It has happened more times than necessary.  A group of addicts gets high together and one overdoses. All of the addicts flee the scene in order to avoid prosecution, when a simple phone call to 911 could have saved a life. Fourteen states have Good Samaritan laws providing limited immunity to drug users who call 911 during an overdose. A Wisconsin lawmaker wants his state to have the same.

Wisconsin state Legislator John Nygran almost lost his daughter to an overdose four years ago. The only reason his daughter is alive today is because his wife stopped at their residence to close the windows before a storm hit only to find her daughter had overdosed. If his wife didn't stop home, their daughter would have most likely died even though she had been using drugs with friends at the home.

“When I got there, the friends had all left and she was alone. Addicts tend to be selfish. It’s all about them,” Nygren said. “It’s all about their next high. If someone overdoses, they don’t stick around to help them.”

John Nygran is trying to bring a legislation of four bills he calls the HOPE agenda, or Heroin Opiate Prevention and Education. The 911 Good Samaritan Laws may help curb the increasing amounts of opioid overdoses caused by prescription drugs and heroin. “We in no way think this is a silver bullet to fix the problem, but it’s a step,” Nygren said. “Wisconsin is not alone in this problem.”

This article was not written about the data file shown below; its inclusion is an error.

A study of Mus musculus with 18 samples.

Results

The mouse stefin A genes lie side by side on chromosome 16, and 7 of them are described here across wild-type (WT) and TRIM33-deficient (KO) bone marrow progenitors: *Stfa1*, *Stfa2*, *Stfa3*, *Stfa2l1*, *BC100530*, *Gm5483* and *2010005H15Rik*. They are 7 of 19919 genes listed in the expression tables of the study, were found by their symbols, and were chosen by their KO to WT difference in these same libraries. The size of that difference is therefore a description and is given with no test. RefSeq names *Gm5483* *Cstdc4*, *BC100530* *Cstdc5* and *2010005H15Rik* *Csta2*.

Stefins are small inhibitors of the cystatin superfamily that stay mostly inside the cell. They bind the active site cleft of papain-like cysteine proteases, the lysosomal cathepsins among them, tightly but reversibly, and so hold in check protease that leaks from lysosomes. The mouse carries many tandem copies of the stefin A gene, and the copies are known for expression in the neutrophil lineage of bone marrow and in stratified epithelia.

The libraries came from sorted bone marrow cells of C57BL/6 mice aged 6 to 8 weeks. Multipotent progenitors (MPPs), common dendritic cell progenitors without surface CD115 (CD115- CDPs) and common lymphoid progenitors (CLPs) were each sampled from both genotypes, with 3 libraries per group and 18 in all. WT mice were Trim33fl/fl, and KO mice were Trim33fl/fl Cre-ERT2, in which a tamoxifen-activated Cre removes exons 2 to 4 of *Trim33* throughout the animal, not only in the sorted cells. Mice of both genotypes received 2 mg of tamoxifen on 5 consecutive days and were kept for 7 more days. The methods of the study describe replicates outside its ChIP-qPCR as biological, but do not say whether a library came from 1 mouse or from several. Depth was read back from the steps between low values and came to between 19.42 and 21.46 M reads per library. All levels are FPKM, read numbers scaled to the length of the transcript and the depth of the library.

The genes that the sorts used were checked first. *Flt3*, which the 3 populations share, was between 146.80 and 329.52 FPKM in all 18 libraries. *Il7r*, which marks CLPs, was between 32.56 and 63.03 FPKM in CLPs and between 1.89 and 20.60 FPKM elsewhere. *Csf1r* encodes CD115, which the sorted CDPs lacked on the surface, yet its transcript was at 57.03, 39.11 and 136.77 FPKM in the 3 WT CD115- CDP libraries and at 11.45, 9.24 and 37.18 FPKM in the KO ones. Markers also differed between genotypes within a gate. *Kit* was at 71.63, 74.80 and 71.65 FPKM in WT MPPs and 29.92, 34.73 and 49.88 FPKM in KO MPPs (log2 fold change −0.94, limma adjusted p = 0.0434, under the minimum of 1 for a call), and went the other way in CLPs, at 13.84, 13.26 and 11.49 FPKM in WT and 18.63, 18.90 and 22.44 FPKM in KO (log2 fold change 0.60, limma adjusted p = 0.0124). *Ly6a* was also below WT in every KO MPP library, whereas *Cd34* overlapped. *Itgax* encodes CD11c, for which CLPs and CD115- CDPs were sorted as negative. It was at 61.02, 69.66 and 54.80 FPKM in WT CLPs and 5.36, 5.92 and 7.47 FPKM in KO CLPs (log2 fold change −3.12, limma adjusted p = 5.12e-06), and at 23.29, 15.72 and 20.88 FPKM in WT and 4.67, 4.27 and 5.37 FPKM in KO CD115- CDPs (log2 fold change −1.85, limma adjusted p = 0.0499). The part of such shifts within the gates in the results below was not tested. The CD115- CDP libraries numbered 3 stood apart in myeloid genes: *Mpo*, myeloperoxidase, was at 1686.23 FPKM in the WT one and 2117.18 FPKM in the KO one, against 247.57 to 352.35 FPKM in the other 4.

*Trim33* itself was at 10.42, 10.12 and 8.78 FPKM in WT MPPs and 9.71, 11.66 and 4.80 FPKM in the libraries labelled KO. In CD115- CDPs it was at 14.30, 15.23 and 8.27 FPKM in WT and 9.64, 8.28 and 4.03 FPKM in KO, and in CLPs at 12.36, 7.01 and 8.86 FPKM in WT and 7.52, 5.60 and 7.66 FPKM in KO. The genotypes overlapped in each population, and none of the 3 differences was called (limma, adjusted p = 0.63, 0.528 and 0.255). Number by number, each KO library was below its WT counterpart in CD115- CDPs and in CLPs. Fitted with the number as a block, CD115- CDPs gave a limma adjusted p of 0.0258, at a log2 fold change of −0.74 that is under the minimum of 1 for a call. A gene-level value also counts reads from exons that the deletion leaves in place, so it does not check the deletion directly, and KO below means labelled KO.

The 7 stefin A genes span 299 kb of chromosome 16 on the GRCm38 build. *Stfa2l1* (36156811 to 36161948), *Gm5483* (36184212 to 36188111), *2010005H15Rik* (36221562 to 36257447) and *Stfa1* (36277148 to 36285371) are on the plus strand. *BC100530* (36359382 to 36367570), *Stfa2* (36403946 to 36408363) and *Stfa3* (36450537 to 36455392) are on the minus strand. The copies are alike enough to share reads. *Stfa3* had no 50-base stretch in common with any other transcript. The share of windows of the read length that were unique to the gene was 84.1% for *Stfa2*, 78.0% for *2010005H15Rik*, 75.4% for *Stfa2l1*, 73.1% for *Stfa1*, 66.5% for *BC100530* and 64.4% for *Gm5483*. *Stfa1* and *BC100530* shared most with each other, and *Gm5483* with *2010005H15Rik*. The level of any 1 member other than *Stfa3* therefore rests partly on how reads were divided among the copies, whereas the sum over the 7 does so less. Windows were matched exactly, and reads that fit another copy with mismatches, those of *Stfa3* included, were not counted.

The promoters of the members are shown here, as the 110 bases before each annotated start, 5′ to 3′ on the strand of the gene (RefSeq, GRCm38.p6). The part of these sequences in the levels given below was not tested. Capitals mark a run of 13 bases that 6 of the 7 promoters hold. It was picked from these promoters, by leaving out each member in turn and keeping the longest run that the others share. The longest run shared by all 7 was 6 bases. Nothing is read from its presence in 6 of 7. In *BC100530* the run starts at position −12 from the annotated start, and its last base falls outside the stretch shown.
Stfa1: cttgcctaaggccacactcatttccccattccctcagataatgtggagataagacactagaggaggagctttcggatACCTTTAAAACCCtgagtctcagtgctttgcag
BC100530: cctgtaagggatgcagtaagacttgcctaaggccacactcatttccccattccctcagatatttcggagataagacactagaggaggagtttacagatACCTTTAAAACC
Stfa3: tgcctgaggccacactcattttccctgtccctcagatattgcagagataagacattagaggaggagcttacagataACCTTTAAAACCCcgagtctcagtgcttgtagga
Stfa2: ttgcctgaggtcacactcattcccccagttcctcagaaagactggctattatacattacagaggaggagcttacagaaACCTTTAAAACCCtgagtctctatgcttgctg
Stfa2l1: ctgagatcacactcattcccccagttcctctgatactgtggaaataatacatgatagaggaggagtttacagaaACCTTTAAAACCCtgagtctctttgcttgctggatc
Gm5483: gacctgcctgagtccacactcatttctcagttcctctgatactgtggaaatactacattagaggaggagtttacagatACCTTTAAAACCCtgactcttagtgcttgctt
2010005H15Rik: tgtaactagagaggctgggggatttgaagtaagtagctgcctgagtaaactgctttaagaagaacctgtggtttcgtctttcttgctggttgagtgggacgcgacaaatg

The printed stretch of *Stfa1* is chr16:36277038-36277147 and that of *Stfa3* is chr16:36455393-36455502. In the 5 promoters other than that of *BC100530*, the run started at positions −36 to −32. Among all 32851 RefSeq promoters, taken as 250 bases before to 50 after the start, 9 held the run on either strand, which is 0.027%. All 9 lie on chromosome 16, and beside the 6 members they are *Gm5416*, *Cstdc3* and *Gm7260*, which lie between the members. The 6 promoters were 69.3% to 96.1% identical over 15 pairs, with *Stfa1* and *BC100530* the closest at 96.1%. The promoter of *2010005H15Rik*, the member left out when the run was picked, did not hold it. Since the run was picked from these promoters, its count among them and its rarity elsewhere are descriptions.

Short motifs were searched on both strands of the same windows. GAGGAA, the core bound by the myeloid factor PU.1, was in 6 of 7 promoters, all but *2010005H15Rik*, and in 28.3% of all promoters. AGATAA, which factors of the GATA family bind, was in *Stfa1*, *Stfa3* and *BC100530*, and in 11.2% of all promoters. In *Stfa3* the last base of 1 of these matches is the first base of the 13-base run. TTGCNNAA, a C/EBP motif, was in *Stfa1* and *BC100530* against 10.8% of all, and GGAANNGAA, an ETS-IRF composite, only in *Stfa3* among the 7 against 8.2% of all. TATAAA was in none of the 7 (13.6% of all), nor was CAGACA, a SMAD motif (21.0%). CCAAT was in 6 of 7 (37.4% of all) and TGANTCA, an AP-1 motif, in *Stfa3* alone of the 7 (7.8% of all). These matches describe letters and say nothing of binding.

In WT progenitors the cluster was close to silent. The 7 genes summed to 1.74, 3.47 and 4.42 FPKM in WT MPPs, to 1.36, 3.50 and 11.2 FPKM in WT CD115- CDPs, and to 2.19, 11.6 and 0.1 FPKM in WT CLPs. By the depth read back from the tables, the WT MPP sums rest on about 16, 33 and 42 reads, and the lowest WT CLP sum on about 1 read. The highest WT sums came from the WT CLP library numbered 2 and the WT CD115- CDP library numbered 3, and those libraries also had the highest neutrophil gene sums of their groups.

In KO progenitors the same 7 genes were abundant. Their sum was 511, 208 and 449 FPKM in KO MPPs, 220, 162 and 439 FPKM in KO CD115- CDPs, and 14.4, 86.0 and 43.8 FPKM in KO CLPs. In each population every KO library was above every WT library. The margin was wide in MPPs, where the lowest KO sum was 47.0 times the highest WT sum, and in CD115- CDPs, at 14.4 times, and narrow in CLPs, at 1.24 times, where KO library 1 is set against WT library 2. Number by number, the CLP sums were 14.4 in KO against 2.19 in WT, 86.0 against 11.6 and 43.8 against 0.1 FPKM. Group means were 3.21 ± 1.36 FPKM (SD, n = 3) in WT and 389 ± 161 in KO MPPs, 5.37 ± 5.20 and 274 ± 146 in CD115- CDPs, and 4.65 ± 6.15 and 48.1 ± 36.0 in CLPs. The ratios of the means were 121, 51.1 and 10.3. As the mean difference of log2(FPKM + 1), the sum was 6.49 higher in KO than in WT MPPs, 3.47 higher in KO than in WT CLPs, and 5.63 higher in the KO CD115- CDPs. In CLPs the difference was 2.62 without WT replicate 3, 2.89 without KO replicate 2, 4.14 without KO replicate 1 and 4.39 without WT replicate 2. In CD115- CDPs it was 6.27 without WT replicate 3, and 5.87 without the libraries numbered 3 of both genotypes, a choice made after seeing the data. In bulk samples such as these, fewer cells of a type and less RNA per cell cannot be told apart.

He is right about not being alone with the issue. Every day, 105 people die from drug overdoses, according to The Centers Of Disease Control and Prevention (CDC), and another two million people go to the emergency room for overdoses per year. That is over 6,000 overdose cases per day.

Washington state passed it's Good Samaritan law in 2010, which partially protects drug users who call 911 during an overdose. After drug users were informed of the laws, 88 percent of them said they would be more likely to call 911 to save an overdose victim. A survey performed by a clean needle clinic, 42 percent of opiate users said they had witness an overdose over the last year.

Any steps toward decreasing opiate use and more importantly overdoses is necessary to help stop this epidemic. With people dieing at an alarming rate of opioid abuse, and states not having enough beds in their treatment facilities to help addicts, creating awareness and laws to help curb the issue can be a big benefit to society.  Hopefully more states will follow.